UK government set aside £92 million for funding green technologies
The government has announced three major innovation challenges in key renewable energy sectors, including energy storage, floating offshore wind, and biomass production.
The government declared on Tuesday, March 9 that it would spend £92 million to help renewable innovators advance the next wave of technology that will aid the UK's transition to renewable, green energy and combat climate change.
Three new innovation challenges have been launched by the government in main areas of the renewable energy market, including energy storage technology, floating offshore wind, and biomass development.
These emerging challenges will aid in the development of innovative technologies that will lower the cost of installing them across the energy market, support thousands of high-skilled workers across the UK, expand the economy, and help the Prime Minister achieve his ten-point plan.
Energy Minister Anne-Marie Trevelyan said:
“The UK’s energy innovators have been vital to us becoming a world-leader in clean green technology, helping us to go further and faster as we tackle climate change.
“This funding will allow us to develop new ways of unlocking the potential for green energy as we continue making big strides towards our goal of eradicating our contribution to climate change by 2050.”
£68 million of the government's £92 million investment will go toward the development of energy storage technologies to support a future renewable energy system. These new developments will hasten the commercialisation of a first-of-its-kind storage system that can store energy from wind turbines and solar panels, as well as heat, for months or years until it is required by consumers.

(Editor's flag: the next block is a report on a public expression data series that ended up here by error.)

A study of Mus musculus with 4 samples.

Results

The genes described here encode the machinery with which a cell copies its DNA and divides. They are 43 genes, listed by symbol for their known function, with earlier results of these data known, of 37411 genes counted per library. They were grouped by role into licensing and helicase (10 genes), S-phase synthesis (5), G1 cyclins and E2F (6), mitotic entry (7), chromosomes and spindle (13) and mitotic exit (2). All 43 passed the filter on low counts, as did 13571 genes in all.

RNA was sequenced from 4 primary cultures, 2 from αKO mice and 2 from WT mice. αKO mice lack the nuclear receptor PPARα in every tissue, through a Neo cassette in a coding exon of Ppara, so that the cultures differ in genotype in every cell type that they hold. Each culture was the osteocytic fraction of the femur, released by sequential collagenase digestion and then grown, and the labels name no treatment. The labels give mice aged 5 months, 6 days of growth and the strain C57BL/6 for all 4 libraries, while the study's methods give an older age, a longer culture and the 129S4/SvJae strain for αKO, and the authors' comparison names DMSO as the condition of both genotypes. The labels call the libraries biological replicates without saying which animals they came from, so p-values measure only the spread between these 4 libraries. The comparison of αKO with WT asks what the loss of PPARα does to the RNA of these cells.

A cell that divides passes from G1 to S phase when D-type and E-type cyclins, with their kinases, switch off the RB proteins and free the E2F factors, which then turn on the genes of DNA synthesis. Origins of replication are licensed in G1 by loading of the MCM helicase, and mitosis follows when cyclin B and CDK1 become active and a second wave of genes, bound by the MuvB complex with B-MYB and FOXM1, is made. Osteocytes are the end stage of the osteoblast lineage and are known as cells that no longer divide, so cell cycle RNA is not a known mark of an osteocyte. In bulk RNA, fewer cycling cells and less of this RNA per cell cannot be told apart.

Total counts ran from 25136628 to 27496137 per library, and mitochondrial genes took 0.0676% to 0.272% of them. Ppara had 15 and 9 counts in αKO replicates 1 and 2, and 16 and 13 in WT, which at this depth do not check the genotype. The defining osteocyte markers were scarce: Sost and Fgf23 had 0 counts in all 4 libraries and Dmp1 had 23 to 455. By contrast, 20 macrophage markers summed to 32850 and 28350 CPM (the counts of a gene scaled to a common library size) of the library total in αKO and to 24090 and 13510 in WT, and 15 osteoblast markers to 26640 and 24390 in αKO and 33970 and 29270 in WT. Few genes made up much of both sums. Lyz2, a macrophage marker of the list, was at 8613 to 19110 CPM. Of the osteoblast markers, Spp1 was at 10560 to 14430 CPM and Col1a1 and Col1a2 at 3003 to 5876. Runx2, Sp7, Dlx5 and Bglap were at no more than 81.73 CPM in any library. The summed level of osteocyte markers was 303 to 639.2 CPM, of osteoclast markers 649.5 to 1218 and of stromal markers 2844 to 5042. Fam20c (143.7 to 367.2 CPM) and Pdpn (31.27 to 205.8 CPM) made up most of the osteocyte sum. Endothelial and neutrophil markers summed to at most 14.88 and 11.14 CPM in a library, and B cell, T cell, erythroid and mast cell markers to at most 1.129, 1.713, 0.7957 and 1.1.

Since the availability of energy from renewable sources can be irregular, efficient storage is critical for maintaining stable sustainable energy. Energy storage is expected to be one of the most important elements of a smarter, more flexible low-carbon energy infrastructure that maximizes the use of renewables.
The £20 million investment would fuel innovation that will unleash the full capacity of floating offshore wind energy along the UK coastline, enabling turbines to be installed in places where the seafloor is too deep for them to be embedded. When they are farther out to sea, wind capabilities are greater and more stable, bolstering the government's goal of using wind to power every home in the country by 2030.
Critical components such as complex high voltage cable systems, moorings for difficult seabed conditions, and foundations will all benefit from innovative technology.
Biomass initiatives will benefit from a £4 million government investment aimed at expanding the supply of sustainably sourced biomass in the UK, which will boost local economies, regional development, and job creation in rural areas.
Biomass is organic matter that can be used as a fuel in renewable energy production or to replace fossil fuel-derived products in other sectors of the economy. The Climate Change Committee has stated that renewable biomass will play a major role in achieving long-term climate goals, making it a critical part for the UK to fulfil its decarbonisation commitments.
New technologies would aid in the scaling up of sustainably sourced biomass feedstocks and the production of energy crops - low-cost, low-maintenance crops produced solely for green energy production, such as forestry - as well as helping to achieve improvements in yields, cost reductions and profitability.